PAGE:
This is an appeal from an order for the issuance of an execution enforcing a judgment of lump sum alimony. Notwithstanding the presence in the record of a statement of the evidence pursuant to Mass.R.A.P. 8(c), as appearing in 378 Mass. 933 (1979), we look to the transcript. After review of the transcript and the record appendix, we conclude that there was no error.
The husband appears not to have paid any portion of the outstanding judgment of alimony. It is within the discretion of the judge "to determine in what amount, if any, an execution should issue for unpaid arrears." Briggs v. Briggs, 319 Mass. 149 , 152 (1946). Notwithstanding the representations made by the husband's counsel at the hearing, nowhere in this record has it been made to appear that the judge abused that discretion. The judge could reasonably have been unimpressed by the husband's offer to give oral testimony at that hearing. The husband had not submitted a financial statement or presented by affidavit or otherwise any specific information pertaining to his present financial condition. Moreover, the record is devoid of any unequivocal assertion by the defendant of his present inability to pay the judgment due to changed circumstances.
It is unnecessary for us to consider whether the judge improperly rejected the defendant's attempt to be heard on his complaint for modification. The judge could properly consider any evidence of changed circumstances on the motion to issue the execution. Cf. Briggs v. Briggs, supra.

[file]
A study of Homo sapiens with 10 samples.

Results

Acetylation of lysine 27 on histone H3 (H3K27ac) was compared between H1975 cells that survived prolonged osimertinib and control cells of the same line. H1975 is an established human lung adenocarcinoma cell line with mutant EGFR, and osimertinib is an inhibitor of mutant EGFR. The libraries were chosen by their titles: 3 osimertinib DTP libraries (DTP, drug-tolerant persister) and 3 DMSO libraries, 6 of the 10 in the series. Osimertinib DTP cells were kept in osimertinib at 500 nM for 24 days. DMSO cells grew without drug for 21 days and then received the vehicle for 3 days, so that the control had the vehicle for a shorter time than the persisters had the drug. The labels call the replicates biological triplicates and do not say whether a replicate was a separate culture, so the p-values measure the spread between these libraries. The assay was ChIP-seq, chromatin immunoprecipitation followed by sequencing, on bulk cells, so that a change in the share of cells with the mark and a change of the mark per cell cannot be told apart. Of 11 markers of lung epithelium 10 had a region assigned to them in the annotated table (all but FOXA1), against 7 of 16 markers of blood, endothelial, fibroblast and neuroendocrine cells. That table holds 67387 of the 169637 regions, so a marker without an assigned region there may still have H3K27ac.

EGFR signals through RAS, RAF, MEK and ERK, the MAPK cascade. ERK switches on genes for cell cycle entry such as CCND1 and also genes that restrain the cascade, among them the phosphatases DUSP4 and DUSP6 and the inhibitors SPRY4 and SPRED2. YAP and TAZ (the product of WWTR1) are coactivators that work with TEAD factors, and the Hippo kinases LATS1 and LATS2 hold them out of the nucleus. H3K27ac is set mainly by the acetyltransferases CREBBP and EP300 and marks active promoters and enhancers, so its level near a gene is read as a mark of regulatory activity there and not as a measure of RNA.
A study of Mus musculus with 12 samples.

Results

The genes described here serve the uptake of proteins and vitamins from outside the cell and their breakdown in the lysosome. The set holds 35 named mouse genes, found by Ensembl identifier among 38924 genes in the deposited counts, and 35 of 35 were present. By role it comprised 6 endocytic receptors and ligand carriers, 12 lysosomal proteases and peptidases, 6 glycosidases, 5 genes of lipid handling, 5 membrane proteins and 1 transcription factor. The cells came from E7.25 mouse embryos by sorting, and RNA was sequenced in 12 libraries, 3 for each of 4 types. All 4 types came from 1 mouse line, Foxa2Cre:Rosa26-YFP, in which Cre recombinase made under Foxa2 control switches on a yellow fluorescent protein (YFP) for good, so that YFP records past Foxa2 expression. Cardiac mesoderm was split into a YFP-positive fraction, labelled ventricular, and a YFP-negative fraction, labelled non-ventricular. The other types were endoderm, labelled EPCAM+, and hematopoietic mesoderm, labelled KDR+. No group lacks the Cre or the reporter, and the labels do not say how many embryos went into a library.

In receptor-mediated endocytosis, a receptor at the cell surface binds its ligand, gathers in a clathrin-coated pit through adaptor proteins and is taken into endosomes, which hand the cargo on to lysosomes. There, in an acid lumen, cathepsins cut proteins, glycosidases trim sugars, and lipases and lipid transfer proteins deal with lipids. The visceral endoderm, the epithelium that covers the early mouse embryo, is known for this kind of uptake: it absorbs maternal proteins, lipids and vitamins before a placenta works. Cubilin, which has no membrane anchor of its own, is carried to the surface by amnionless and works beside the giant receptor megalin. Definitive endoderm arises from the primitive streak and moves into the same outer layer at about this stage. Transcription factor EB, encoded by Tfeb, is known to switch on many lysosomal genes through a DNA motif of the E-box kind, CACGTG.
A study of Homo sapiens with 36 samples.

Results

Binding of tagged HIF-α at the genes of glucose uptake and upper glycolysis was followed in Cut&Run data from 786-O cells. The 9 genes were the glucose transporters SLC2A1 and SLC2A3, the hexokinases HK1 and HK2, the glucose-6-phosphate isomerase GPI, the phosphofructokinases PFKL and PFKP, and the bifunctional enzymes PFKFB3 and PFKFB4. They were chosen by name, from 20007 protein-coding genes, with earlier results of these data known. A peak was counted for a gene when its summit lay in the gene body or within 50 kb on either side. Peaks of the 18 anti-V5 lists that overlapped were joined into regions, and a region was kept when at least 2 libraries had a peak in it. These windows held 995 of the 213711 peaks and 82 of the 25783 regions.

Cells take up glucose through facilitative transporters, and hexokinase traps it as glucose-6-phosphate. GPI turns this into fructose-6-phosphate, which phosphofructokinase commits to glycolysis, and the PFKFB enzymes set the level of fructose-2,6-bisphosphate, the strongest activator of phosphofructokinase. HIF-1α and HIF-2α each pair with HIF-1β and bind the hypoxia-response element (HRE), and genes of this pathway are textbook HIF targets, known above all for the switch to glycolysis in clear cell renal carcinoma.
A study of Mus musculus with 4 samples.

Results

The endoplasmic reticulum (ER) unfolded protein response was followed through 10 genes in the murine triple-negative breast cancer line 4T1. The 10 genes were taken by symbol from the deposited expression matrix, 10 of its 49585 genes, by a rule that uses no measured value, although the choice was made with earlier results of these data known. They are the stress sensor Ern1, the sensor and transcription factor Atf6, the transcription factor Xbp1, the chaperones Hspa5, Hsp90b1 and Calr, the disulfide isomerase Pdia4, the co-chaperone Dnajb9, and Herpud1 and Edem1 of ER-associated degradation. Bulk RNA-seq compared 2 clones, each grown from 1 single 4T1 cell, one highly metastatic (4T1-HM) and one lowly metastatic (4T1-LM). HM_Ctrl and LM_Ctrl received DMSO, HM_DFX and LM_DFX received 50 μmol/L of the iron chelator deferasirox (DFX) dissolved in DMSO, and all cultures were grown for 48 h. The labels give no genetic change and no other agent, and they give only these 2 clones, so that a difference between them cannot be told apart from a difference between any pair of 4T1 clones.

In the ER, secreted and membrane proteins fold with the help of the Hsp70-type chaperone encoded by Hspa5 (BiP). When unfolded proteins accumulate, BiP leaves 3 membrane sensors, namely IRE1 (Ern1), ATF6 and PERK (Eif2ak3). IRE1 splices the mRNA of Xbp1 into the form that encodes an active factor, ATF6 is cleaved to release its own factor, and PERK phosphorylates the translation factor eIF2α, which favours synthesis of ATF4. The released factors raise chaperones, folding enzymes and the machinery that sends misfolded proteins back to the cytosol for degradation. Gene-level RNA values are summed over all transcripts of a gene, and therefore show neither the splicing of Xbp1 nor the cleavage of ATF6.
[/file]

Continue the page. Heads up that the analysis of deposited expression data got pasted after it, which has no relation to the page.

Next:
The defendant appeals from his conviction at a trial to a judge without a jury on an indictment charging him with armed robbery while masked. The defendant raises two issues on appeal: (1) that the Commonwealth's failure to bring him to trial within 180 days of receiving his demand under art. III of the Interstate Agreement on Detainers (IAD) (St. 1965, c. 892, Section 1) required dismissal of the indictment against him, see art. V(c), IAD, and (2)
that dismissal of the indictment also was required under the provisions of Mass.R.Crim.P. 36(d)(3), 378 Mass. 913 (1979).
1. Interstate Agreement on Detainers. We agree with the conclusions stated in the judge's memorandum and order denying the defendant's motion to dismiss.
The judge found that "[n]o communication from any Massachusetts authority to the California authorities had made any reference to [the indictment in question]." That finding is amply supported by the record. The judge could properly have rejected the assertions in the defendant's affidavit and have accepted the statements contained in his counsel's supplementary affidavit.
The 180 days does not begin to run until "the detainer has been lodged against the prisoner," art. III(a), IAD; Commonwealth v. Anderson, 6 Mass. App. Ct. 492 , 493-494 (1978); see Commonwealth v. Giordano, 9 Mass. App. Ct. 888 (1980), and the judge correctly determined that the detainer was not lodged on the instant indictment until May 16, 1980, a date well within 180 days of the trial date (September 24, 1980). Thus, when the factual predicate is removed, the defendant's argument evaporates.
2. Massachusetts Rules of Criminal Procedure. There was no violation of Mass.R.Crim.P. 36(d)(3). The defendant has not demonstrated any prejudice to him. Cf. Commonwealth v. Gove, 366 Mass. 351 , 361 (1974). The claims put forth by the defendant are not only speculative, but are unreasonable in light of his circumstances, i.e., in addition to violating parole in Massachusetts, he had defaulted on an armed robbery charge here and fled to California where he was convicted and incarcerated on a similar serious felony charge. Nor has the defendant shown that the prosecutor unreasonably delayed in causing the detainer to be filed.